The Spectrum Retreat Review
Not exactly the relaxing vacation you were planning.
Aroused by a curt knock at the door, the room around you slowly fades into focus. The lack of personal effects suggests you’re in a hotel, but the robotic attendant at the door confirms it after instructing you to report for breakfast. Disorientated, you make your way to the restaurant as your phone bursts into life displaying the disjointed message that ‘you are expected’.
By the time you reach the foyer it’s clear something is not right in this place, but on attempting to leave through the revolving doors of the hotel entrance your fears become justified as you are span back into the reception. You’ll make this walk many times, waking up each morning to the same knock, on the same day, to the same robotic attendant. The Penrose is no normal hotel, and it seems you’re in for an extended stay.
The Spectrum Retreat is a first-person narrative puzzle game that splits the gameplay between Black Mirror-esque curated exploration and colour-coded, platforming challenges reminiscent of other titles in the genre, most notably Portal. After being contacted through your phone by Cooper, the game’s narrator of sorts, you’re informed that The Penrose is not what it seems and that she wants to help you escape whatever is you’re in. Navigating the environment through this form of guided narration you’ll uncover the secrets of this strange and surreal location in a bid to understand how you got here.
Progression through the narrative is achieved by completing complex colour-coded puzzles that are split into the five floors of the hotel. In this way, the game has quite a stark contrast between gameplay approaches with each section clearly falling into doing one or the other. Although this works, the game never really explains the reasoning behind these puzzle sections beyond the fact that you just have to do them to progress. At times this has a slightly immersion-breaking effect in comparison to the overarching narrative and its interlinked parts.
The colour-coded puzzles mechanics are novel, yet quickly feel familiar to fans of the genre. That’s not a criticism either, but more rather a triumph of game design that presents a concept that feels fresh, but doesn’t deviate so far from what is already established that it is indecipherable. The puzzles have a manageable difficulty curve and enough progressive innovation on the original mechanic to keep you continually challenged.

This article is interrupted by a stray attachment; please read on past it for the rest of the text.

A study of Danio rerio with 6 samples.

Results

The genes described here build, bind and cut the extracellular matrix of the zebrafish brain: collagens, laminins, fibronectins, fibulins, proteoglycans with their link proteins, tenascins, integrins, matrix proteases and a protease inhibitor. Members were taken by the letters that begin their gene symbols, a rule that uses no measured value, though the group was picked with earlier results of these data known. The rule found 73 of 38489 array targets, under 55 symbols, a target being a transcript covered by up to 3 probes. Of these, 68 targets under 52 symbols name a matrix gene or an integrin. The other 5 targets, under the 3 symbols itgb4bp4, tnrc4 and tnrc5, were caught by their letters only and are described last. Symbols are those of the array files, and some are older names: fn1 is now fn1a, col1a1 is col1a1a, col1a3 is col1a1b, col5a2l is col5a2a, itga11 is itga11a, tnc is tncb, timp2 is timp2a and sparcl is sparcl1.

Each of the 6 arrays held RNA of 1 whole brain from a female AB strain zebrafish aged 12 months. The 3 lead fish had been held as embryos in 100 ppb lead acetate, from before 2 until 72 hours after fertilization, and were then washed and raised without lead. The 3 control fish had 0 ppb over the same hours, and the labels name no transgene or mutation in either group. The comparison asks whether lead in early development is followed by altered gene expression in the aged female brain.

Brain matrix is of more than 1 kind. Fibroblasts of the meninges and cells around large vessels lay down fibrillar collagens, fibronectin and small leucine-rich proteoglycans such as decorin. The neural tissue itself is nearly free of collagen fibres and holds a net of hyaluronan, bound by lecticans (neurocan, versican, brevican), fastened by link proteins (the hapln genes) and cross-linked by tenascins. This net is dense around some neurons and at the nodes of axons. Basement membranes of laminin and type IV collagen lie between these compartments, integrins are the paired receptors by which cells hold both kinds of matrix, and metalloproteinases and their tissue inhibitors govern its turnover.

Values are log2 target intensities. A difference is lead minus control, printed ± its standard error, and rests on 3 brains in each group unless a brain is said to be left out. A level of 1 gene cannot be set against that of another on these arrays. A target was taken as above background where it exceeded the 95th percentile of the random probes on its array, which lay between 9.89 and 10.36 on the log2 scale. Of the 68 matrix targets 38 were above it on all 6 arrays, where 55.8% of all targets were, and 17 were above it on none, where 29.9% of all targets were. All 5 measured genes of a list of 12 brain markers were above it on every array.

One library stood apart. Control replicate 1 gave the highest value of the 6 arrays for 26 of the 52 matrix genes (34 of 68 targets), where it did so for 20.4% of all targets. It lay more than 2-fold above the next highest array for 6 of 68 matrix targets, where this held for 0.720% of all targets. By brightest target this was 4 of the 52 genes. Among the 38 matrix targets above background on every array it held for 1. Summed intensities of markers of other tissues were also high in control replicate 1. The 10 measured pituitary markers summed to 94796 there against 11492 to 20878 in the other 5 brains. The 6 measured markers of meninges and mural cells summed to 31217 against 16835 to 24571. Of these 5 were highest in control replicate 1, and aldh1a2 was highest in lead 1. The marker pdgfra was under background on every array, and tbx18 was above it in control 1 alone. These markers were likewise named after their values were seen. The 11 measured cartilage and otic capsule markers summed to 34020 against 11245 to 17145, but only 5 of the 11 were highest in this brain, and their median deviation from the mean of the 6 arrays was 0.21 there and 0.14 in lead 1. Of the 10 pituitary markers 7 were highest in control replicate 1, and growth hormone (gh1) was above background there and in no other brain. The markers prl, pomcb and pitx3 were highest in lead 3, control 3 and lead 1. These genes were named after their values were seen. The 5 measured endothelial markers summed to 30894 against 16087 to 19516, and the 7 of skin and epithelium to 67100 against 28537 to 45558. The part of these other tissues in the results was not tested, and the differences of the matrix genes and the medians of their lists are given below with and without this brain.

In contrast, the hotel presents no challenge but instead an interesting and detailed environment to explore, albeit one immersed in an unsettling aura. Comparable to the Shining’s Overlook Hotel, it’s shrouded in an unspoken tension that verges on a kind of claustrophobic horror at times. The staff’s bizarre behaviour and the seeming instability of the hotel’s reality adds to this surreal quality making the player question the nature of their surroundings. The only criticism that could be levelled at the design is the generic art style that fails to set it apart from similar first-person games in the genre.
The segmented approach to the gameplay also has an interesting effect on pacing, in that it improves it. For a genre that often suffers from pacing issues this slightly different structure appears to work. It does this at very little cost, other than the occasional disconnect in terms of immersion within the narrative.
The game also faces a few similar issues with immersion breaking, such as the distinct lack of a run button, which potentially leads to excessive jumping by the player in frustration at the slow movement. This implies that the player is trying to subvert the rules of the game and therefore reject the world it conjures around them. These issues are minor, but give life to the idea that The Spectrum Retreat could have been a very different game with a merged gameplay and narrative approach. The positives certainly outweigh the negatives in this case though, even the absence of a run function.
Overall, The Spectrum Retreat takes a few small risks in terms of style that seem to pay off. It could have expanded on its Art Deco aesthetic but more than makes up for it with its pseudo-experimental design. It succeeds in convincing you it’s trying something new when in fact the smart game design has just separated the usual staples of the genre into two distinct parts. It does all this to a genuinely interesting backdrop whose exploration is framed by an ambient score that supports its classic sci-fi inspirations. If you’re a fan of first-person puzzle games then this is definitely something that should be on your radar.